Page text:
The “set-piece of the year” award is sort of a catch-all for big, ambitious, and expensive looking scenes that don’t quite fit in with any of the other categories. Past winners have included the Waterloo Station scene from the Bourne Ultimatum, The Battle of Santa Clara from Che, and the theater fire from Ingourious Basterds. In short, it’s a great big “other” category, that I can use to honor scenes that I loved and wouldn’t otherwise be able to categorize.
- 200 vs. 13- 13 Assassins: We’ve seen what happens when seven samurais take on fourty bandits in a Kurosawa film, but what happens when thirteen assassins take on two hundred trained guards in a Takashi Miike film? Utter chaos and badassery, that’s what happens. We get something like thirty minutes of carnage with dozens upon dozens of men getting sliced with swords, shot by arrows, exploded by gunpowder, and run over by flaming bulls. The sheer scale of the scene and its dependence on choreography rather than visual effects dwarf the accomplishments of many Hollywood films.
- Dubai Mountaineering- Mission: Impossible- Ghost Protocol: Much the way you expect to see Indiana Jones go through a room filled with unpleasant creatures, you expect to see Ethan Hunt dangle from a rope at some point during every Mission: Impossible movie. Brad Bird takes things a step further by taking the rope away for much of the already iconic Dubai climbing scene where Tom Cruise uses magical (yet not overly reliable) suction gloves to climb the outside of a glass hotel. Not for the acrophobic, but certainly good stuff.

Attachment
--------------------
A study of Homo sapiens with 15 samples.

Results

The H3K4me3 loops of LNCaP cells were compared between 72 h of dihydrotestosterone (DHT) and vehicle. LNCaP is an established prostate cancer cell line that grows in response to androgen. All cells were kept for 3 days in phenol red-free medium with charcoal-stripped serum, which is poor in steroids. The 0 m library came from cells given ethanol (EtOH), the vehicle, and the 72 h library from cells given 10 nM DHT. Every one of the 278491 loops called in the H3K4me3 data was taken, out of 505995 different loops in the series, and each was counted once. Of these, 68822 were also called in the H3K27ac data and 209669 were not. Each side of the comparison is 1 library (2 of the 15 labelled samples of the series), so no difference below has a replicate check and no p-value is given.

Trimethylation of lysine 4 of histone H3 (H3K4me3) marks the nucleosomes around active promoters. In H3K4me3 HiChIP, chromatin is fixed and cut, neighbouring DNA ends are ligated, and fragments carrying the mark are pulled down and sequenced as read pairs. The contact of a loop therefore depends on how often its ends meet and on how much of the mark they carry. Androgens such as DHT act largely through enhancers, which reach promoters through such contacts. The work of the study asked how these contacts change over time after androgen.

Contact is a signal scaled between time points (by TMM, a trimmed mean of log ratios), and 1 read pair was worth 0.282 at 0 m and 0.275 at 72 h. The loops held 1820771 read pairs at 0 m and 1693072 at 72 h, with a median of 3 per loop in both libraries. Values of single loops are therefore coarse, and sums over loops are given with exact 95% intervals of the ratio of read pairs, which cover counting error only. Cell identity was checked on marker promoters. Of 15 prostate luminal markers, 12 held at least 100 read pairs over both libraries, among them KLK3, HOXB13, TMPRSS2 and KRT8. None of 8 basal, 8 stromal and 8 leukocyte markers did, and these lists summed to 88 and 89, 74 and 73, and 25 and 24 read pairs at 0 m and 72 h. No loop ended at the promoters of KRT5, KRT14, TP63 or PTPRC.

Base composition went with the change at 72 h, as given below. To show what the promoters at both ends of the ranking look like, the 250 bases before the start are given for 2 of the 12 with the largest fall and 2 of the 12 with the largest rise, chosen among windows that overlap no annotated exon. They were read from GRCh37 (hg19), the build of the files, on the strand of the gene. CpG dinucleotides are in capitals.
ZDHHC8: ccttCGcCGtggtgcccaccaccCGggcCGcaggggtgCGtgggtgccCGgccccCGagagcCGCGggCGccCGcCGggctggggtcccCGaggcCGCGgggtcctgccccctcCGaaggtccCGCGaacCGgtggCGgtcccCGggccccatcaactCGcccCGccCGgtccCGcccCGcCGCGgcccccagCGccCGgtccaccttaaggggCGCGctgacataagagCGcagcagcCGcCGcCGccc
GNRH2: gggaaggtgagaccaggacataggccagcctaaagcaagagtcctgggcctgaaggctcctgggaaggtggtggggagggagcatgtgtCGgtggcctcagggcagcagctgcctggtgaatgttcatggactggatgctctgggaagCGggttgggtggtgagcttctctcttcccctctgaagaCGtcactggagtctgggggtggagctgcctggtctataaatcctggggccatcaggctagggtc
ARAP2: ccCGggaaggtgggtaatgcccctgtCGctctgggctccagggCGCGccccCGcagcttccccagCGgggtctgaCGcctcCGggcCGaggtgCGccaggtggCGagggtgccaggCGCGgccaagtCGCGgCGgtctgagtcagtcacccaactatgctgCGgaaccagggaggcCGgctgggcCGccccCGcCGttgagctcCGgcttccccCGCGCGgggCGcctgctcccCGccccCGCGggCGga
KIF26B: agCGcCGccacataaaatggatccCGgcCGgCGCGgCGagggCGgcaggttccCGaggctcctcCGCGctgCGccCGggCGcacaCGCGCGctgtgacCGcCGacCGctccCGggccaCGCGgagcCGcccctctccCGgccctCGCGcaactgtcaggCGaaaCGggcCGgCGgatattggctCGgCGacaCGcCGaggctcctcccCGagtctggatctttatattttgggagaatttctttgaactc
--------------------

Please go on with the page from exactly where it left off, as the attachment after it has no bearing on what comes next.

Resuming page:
- The Golden Gate Bridge Battle- Rise of the Planet of the Apes: What would you do if you were a cop tasked with standing your ground at one end of the Golden Gate Bridge as a swarm of intelligent apes began to charge you for all directions? Probably run. Anyway, this scene paints that scenario with great effects and creativity. At times I feel like I should make a separate category for “best climactic action scene.” That’s a category that this would surely be a big contender for.
- Train Crash- Super 8: There’s a story (almost a legend at this point) that a young Steven Spielberg once tied fireworks to his toy trains and crashed them so that he’s have an effects shot for his amateur home movie. Well, J.J. Abrams has a better effects budget to work with in his Spielberg tribute, and the result is the single biggest and most intense bit of pyrotechnics this year. In fifteen plus years of destroying major landmarks Roland Emmerich has never matched the intensity that Abrams is able to elicit in this relatively small scale disaster.
- Dawn of Time- The Tree of Life: In one of the most audacious flashbacks of all time, Terrence Malick contextualizes the events of his film by showing us that it is all the result of billions of years of cosmic formation, evolution, and history. After consulting scientists and employing the visual effects artist Douglas Trumbull (who did similar work in the science fiction classic 2001: A Space Odyssey), Malick creates a thrilling and truly gorgeous montage that I won’t soon forget.